Canadian income tax - proposed First Home Savings Account
David J Rotfleisch on the Liberals' proposed tax favoured savings account
Overview: Proposed First Home Savings Account
David J Rotfleisch, CPA, JD is the founding tax lawyer of Taxpage.com and Rotfleisch & Samulovitch P.C., a Toronto-based boutique tax law corporate law firm.
During the 2021 federal election, the Liberal Party of Canada proposed introducing a new form of tax favoured account: the First Home Savings Account (FHSA). As the name suggests, this account is intended to provide tax incentives for Canadians saving for a down payment on their first home. As the Liberals have formed a minority government for the 44th parliament, it is plausible that the FHSA will be introduced into Canadian tax law. As such, tax savvy Canadians should take time to consider how the First Home Savings Account could fit into their tax and financial planning. Note that if and when the FHSA is actually introduced, it may take a different form that it was described in this article.
The First Home Savings Account is intended to combine features of the Registered Retirement Savings Plan (RRSP) and the Tax Free Savings Account (TFSA). As with an RRSP, when a Canadian individual makes a contribution to the FHSA, he or she will be entitled to a corresponding deduction from his or her income for that year. Income earned in the First Home Savings Account will not be taxed. Unlike a Registered Retirement Savings Plan, it is possible for the holder of the First Home Savings Account to withdraw funds without a corresponding income inclusion so long as those funds are applied towards the purchase of the holder's first home. This means that contributions that are eventually withdrawn and used for the purchase of the holder's first home will effectively receive the tax benefits typically associated with both an RRSP (a deduction at contribution time) and a TFSA (tax free investment income).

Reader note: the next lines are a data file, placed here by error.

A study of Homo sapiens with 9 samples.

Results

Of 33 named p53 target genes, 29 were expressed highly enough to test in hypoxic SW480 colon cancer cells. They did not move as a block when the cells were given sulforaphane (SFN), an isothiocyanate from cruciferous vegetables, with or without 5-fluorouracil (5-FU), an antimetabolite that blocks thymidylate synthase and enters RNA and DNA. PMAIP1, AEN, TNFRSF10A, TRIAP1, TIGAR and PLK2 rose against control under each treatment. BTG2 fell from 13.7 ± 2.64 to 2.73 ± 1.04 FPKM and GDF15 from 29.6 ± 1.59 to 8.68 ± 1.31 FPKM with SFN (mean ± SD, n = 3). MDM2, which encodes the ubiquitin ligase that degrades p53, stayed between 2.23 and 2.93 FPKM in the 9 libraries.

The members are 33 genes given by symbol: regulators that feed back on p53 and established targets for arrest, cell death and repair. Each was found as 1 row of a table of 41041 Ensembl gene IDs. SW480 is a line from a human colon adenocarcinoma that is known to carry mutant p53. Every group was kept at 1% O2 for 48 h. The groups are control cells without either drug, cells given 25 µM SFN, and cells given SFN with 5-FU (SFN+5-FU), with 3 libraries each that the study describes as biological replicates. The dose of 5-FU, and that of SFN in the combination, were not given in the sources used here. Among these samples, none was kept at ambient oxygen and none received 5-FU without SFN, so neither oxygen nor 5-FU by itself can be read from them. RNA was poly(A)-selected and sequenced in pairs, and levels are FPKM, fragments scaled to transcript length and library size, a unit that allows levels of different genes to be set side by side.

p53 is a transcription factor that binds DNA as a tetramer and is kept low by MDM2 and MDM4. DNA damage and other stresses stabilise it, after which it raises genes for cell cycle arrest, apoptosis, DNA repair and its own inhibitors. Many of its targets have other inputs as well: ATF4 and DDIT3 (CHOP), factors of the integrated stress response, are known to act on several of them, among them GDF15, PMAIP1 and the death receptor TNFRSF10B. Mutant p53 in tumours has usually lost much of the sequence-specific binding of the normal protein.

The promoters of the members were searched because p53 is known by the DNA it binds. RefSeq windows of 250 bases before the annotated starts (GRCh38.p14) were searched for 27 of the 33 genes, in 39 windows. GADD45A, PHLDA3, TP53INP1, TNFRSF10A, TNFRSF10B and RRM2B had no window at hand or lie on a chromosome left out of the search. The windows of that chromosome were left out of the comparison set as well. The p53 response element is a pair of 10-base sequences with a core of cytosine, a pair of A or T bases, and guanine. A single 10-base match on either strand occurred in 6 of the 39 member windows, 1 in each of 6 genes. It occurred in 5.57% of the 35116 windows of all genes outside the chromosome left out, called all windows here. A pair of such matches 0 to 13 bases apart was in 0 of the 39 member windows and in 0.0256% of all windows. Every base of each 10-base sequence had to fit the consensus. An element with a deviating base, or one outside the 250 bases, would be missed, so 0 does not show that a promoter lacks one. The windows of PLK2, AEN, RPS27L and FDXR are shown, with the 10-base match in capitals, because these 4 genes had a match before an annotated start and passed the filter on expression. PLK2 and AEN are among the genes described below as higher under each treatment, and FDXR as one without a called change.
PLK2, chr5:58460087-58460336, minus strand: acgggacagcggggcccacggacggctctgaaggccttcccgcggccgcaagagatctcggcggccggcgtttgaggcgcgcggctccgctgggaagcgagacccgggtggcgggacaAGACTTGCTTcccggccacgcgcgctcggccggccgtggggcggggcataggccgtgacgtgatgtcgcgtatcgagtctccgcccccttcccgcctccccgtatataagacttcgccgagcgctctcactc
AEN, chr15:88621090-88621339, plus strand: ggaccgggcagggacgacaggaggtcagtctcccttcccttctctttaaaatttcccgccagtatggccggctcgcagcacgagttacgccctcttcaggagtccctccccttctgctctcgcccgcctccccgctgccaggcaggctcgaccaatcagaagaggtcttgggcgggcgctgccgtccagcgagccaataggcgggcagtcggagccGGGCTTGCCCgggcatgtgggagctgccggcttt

Only Canadian individuals under the age of 40 will be able to use a First Home Savings Account. If the funds in the First Home Savings Account are not used by the time the holder reaches the age of 40, those funds will convert into Registered Retirement Savings Plan funds.
The existing descriptions of the FHSA imply that individuals eligible will have a lifetime threshold of $40,000 for which the tax-free withdrawal treatment applies. To date, there has been no indication that this threshold is contingent on income (like RRSP contribution room) or builds up on an annual basis (like TFSA contribution room).
Features to be Determined
Many aspects of how the First Home Savings Account would operate are unclear. One important aspect that has yet to be specified is how contributions to a FHSA will be limited. Since funds in a First Home Savings Account are supposed to convert into funds held by a Registered Retirement Savings Plan when the holder turns 40, one possibility is that contributions the FHSA will share the same contribution limit for RRSPs.
If the First Home Savings Account does not share a contribution limit with the RRSP another possibility is that the FHSA will either effectively allow eligible individuals to increase their RRSP limit when they turn 40, or there will be adverse tax consequences of some kind for individuals with a FHSA which exceeds their Registered Retirement Savings Plan contribution room when the plan converts to an RRSP.
Another important aspect of the proposed First Home Savings Account that remains undetermined is the scope of assets that will be eligible to be held in a FHSA. Registered Retirement Savings Plans and the Tax Free Savings Account allow for a wide variety of securities to be held in them, with some restrictions to prevent abuse and with notable exceptions such as direct holdings of cryptocurrency. It has not yet been specified whether a similarly wide scope of eligible investments will be available for First Home Savings Accounts.
That there is a deduction for contributing to a First Home Savings Account means that the tax saved from the deduction depends on the holder of the FHSA's marginal tax rate in the year the deduction is available. It is likely that maximum contributions to the First Home Savings Account will be limited in some form. This means that it can be advantageous to adjust annual contributions to the FHSA to maximize tax savings.
With over 30 years of experience as both a lawyer and chartered professional accountant, he has helped start-up businesses, cryptocurrency traders, resident and non-resident business owners and corporations with their tax planning, with will and estate planning, voluntary disclosures and tax dispute resolution including tax audit representation and tax litigation.